Tapping the potential of the Siberian railway
Financial Times: December 24, 2007
By Miriam Elder,
Firms see the Russian route as an alternative for shipping goods from Asia to Europe.
Crisscrossing the vast terrain of Russia's heartland lies 5,600 miles of railway directly linking the booming Chinese market with producers and consumers in Europe eight to 10 time zones away.
Yet the trans-Siberian railway, pride of the czars who built it and the Soviets who expanded it, suffers from a lack of investment and the bureaucratic tangles that are a hallmark of doing business in Russia.
Even so, private rail operators in Russia are eager to tap into the railway's potential as a strategic alternative to the increasingly crowded shipping lanes that provide the cheapest and most reliable route for goods heading between east and west.
"Rail is something that could be significantly preferential over other types of transport, as it's quite precise," said Izi Karasu, director of logistics at Procter & Gamble Co. in Russia.
"If the products get loaded and there are no issues at the border, you get the goods in good time."
Industry analysts estimate that the rail journey from Asia to Europe through Russia could cut transit time to less than half. It takes an average of 45 days to ferry goods from Asia through the Suez Canal and Mediterranean Sea and on to European ports. The trans-Siberian railway could, in theory, cut travel time from Asian ports to Finland to 15 days.
Boosted by annual gross domestic product growth of 7%, its coffers flush with windfall oil profit, the Kremlin has made infrastructure a priority this election year. President Vladimir V. Putin has given his blessing to a huge reform program by Russian Railways, the state monopoly known by its Russian acronym RZD.
This will involve sinking more than $500 billion into the aging rail network to modernize tracks, build 12,400 miles of lines and buy 1 million freight cars by 2030.
Capitalizing on the country's location between Asia and Europe is crucial.
Vladimir Yakunin, RZD's president and a longtime Putin ally, said at a recent industry conference that "integration into the global transport system will allow us to use our unique geographic position to build a transcontinental bridge."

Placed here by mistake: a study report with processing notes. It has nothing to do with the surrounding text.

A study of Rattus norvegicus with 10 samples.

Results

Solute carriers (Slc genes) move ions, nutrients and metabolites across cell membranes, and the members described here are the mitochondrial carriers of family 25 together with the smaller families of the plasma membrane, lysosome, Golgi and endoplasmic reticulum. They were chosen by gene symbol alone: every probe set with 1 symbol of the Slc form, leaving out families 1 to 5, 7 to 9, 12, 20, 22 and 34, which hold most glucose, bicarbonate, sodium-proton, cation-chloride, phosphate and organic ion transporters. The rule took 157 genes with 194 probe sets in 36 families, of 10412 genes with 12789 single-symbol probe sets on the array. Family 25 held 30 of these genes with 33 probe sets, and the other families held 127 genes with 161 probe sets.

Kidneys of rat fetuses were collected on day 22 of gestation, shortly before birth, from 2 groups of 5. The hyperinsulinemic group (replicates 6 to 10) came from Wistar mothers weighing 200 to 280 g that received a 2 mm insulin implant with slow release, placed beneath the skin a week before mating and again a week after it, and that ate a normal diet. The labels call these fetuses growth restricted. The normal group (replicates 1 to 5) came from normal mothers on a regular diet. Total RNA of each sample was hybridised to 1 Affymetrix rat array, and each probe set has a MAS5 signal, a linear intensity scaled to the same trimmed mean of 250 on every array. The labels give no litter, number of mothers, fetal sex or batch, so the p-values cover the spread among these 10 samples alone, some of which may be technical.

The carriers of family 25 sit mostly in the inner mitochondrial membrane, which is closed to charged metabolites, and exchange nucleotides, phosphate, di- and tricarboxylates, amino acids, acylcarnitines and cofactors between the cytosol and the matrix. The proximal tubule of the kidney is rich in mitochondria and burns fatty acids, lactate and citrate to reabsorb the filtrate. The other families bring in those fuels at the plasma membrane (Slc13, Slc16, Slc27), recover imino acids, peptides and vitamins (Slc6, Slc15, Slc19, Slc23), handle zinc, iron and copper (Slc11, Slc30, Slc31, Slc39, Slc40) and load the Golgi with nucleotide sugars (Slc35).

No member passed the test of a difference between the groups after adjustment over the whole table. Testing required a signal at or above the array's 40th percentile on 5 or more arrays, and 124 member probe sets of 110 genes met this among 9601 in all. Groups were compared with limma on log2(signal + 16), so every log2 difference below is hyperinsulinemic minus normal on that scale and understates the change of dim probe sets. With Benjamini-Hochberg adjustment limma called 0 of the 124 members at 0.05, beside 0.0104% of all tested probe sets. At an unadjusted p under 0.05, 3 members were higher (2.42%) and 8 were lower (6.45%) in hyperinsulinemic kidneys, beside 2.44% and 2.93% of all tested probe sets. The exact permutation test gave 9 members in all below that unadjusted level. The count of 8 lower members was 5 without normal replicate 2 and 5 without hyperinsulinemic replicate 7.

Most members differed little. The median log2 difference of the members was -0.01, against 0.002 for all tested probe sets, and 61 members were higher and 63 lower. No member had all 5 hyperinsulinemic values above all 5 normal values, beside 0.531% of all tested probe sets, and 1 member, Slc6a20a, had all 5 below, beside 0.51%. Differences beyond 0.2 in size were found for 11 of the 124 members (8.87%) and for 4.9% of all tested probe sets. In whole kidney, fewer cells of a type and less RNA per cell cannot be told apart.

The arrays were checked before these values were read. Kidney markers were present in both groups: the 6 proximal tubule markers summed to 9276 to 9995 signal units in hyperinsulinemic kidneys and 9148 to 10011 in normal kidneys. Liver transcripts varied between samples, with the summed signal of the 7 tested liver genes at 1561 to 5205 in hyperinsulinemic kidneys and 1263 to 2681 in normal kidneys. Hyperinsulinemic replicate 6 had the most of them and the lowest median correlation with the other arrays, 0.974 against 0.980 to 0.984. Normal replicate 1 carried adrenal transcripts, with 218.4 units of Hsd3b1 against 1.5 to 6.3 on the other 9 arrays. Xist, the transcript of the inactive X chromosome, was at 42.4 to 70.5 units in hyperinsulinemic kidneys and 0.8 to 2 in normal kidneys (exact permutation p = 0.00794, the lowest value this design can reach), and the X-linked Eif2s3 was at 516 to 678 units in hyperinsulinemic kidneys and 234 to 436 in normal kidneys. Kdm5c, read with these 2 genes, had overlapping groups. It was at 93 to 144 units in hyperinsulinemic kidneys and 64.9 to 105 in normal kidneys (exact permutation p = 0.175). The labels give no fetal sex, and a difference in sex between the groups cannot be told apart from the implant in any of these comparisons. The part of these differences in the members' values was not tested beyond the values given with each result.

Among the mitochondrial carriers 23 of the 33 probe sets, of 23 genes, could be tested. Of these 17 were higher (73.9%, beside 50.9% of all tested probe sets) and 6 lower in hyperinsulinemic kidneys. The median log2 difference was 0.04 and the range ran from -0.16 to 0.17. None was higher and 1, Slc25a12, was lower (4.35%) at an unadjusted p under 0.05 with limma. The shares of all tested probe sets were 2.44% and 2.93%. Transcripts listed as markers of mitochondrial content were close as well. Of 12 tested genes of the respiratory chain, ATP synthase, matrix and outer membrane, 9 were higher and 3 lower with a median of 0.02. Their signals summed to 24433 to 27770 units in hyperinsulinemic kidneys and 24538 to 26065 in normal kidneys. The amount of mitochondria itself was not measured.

Yet that integration is a long way off, analysts say, pointing to such things as bureaucratic inefficiencies and failure to coordinate regional authorities in Russia, and to the fact that the much-touted investment program has yet to be delivered.
"We are of course aware of the fact that the trans-Siberian railway might offer an attractive alternative," said Joerg Schreiber, head of Mazda Motor Corp.'s Russia office. "However, practical implementation meets many obstacles, such as weather conditions and the availability of suitable rail carriages."
Mazda prefers to use shipping lanes from Asia, and moves goods within Russia by truck, he said.
Tariffs and customs procedures remain cumbersome and unpredictable, with goods waiting for border clearance from two days to two weeks and beyond. Coordination is lacking among rail operators, ports and regional officials.
A planned joint venture between RZD and Germany's Deutsche Bahn to set up a 50-50 owned logistics company, totaling nearly $1.5 million of investment, was due to be signed by the end of the year but may be delayed.
And although plans to extend the trans-Siberian railway to South Korea and North Korea -- and even Japan -- have long been discussed, no concrete progress has been made.
"There is a lack of coordination for the entire chain," said Eduard Faritov, transport analyst at Renaissance Capital, a Moscow-based investment bank. "If 18 million containers are shipped yearly from Asia to Europe, the entire number of containers inside Russia is one-tenth of that."